By Staff writer
Gulf kingdom rejects international criticism over the punishment; decision slammed by Amnesty International
Saudi Arabia's supreme court has upheld the sentence of 1,000 lashes and 10 years imprisonment for blogger Raif Badawi, it was announced on Sunday.
Despite international criticism over the punishment, the Saudi foreign ministry issued a statement saying it rejected interference in its internal affairs.
In May 2014 he was found guilty of breaking Saudi Arabia's strict technology laws and insulting Islamic religious figures by creating and managing an online forum.
He was sentenced to 10 years in prison, 1,000 lashes, a fine of SR1 million and prevented from using any kind of media or travelling until 2034.
For four years, Badawi ran the Liberal Saudi Network, which encouraged online debate on religious and political issues.
He received his first 50 lashes in January but subsequent floggings were postponed on medical grounds.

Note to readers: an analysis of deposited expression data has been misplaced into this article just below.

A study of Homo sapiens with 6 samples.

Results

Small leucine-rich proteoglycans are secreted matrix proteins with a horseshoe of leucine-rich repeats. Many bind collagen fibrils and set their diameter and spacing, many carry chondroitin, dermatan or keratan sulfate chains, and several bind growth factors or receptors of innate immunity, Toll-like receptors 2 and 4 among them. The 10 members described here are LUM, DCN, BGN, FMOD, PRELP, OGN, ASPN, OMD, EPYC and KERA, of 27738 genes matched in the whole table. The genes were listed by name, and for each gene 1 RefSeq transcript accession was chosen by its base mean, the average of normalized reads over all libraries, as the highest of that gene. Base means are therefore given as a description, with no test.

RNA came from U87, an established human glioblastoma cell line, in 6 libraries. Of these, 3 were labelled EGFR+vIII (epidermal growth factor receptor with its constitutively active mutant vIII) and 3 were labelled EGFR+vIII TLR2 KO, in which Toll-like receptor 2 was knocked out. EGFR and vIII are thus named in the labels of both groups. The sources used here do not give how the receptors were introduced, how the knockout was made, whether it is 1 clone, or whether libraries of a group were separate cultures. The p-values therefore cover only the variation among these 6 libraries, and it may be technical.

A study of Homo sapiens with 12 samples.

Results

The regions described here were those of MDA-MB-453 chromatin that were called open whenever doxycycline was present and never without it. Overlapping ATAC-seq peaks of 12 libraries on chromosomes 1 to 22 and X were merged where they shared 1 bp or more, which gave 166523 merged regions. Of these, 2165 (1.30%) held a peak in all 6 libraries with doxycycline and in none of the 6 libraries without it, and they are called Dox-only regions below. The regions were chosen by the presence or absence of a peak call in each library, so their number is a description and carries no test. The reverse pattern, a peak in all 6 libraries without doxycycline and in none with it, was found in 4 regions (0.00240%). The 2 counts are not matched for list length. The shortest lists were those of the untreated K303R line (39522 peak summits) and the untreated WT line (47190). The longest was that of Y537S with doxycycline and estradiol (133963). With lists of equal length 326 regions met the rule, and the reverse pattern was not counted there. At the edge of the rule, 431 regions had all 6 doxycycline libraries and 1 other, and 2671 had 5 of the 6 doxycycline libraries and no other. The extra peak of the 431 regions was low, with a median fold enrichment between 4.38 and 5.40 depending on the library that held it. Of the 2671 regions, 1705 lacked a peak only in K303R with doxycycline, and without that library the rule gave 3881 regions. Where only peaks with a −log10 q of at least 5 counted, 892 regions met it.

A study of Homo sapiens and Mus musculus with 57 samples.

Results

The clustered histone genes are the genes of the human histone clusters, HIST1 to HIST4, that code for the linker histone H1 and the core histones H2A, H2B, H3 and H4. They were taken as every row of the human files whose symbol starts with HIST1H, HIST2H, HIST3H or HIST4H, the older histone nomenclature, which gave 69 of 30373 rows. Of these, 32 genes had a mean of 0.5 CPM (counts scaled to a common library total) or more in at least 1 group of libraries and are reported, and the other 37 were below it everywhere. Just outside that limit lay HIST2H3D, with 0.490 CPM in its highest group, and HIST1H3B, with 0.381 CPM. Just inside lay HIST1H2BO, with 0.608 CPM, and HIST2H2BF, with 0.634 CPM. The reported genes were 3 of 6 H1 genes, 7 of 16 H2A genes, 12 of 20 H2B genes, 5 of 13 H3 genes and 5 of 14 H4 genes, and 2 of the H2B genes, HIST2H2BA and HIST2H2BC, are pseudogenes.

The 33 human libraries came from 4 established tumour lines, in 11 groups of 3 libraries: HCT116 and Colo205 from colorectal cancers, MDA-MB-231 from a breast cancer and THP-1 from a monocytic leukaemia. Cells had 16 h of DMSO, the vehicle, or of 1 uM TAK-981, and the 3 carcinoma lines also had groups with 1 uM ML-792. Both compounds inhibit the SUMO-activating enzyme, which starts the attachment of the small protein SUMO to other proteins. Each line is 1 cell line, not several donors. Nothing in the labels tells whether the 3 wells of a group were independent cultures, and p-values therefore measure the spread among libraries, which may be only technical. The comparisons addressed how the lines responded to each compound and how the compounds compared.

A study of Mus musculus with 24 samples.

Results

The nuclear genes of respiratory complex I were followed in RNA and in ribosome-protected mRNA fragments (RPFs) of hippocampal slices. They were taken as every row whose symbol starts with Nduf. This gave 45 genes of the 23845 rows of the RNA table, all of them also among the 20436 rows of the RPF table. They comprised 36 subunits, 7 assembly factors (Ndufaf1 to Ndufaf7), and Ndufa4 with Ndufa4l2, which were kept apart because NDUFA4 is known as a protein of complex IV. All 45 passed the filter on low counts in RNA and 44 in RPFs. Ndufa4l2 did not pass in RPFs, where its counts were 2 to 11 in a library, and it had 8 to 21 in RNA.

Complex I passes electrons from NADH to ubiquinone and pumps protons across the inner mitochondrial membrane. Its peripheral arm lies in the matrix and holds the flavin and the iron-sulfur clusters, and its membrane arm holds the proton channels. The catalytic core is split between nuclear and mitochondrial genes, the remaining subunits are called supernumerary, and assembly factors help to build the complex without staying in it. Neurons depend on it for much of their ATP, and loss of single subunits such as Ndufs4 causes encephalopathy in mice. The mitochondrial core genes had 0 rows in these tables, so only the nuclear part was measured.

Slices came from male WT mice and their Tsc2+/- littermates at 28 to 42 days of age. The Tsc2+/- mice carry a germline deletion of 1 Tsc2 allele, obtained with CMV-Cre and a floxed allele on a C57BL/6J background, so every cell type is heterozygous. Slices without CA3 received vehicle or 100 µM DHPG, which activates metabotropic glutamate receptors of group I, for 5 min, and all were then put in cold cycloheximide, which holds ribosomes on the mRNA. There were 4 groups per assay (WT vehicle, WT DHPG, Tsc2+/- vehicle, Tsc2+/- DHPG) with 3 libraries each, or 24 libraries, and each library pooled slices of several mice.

Amnesty International said the decision by the Supreme Court was "a dark day for freedom of expression in the kingdom".
“It is abhorrent that this cruel and unjust sentence has been upheld. Blogging is not a crime and Raif Badawi is being punished merely for daring to exercise his right to freedom of expression,” said Philip Luther, director of Amnesty International’s Middle East and North Africa Programme.
“By failing to overturn the sentence Saudi Arabian authorities today have displayed a callous disregard to justice and to the tens of thousands of voices around the world calling for his immediate and unconditional release.
"Now that his sentence is final and cannot be revoked, his public flogging might start as soon as Friday and he will unjustly serve the remaining of his sentence. The court’s decision casts a further stain on Saudi Arabia’s already bleak human rights record.”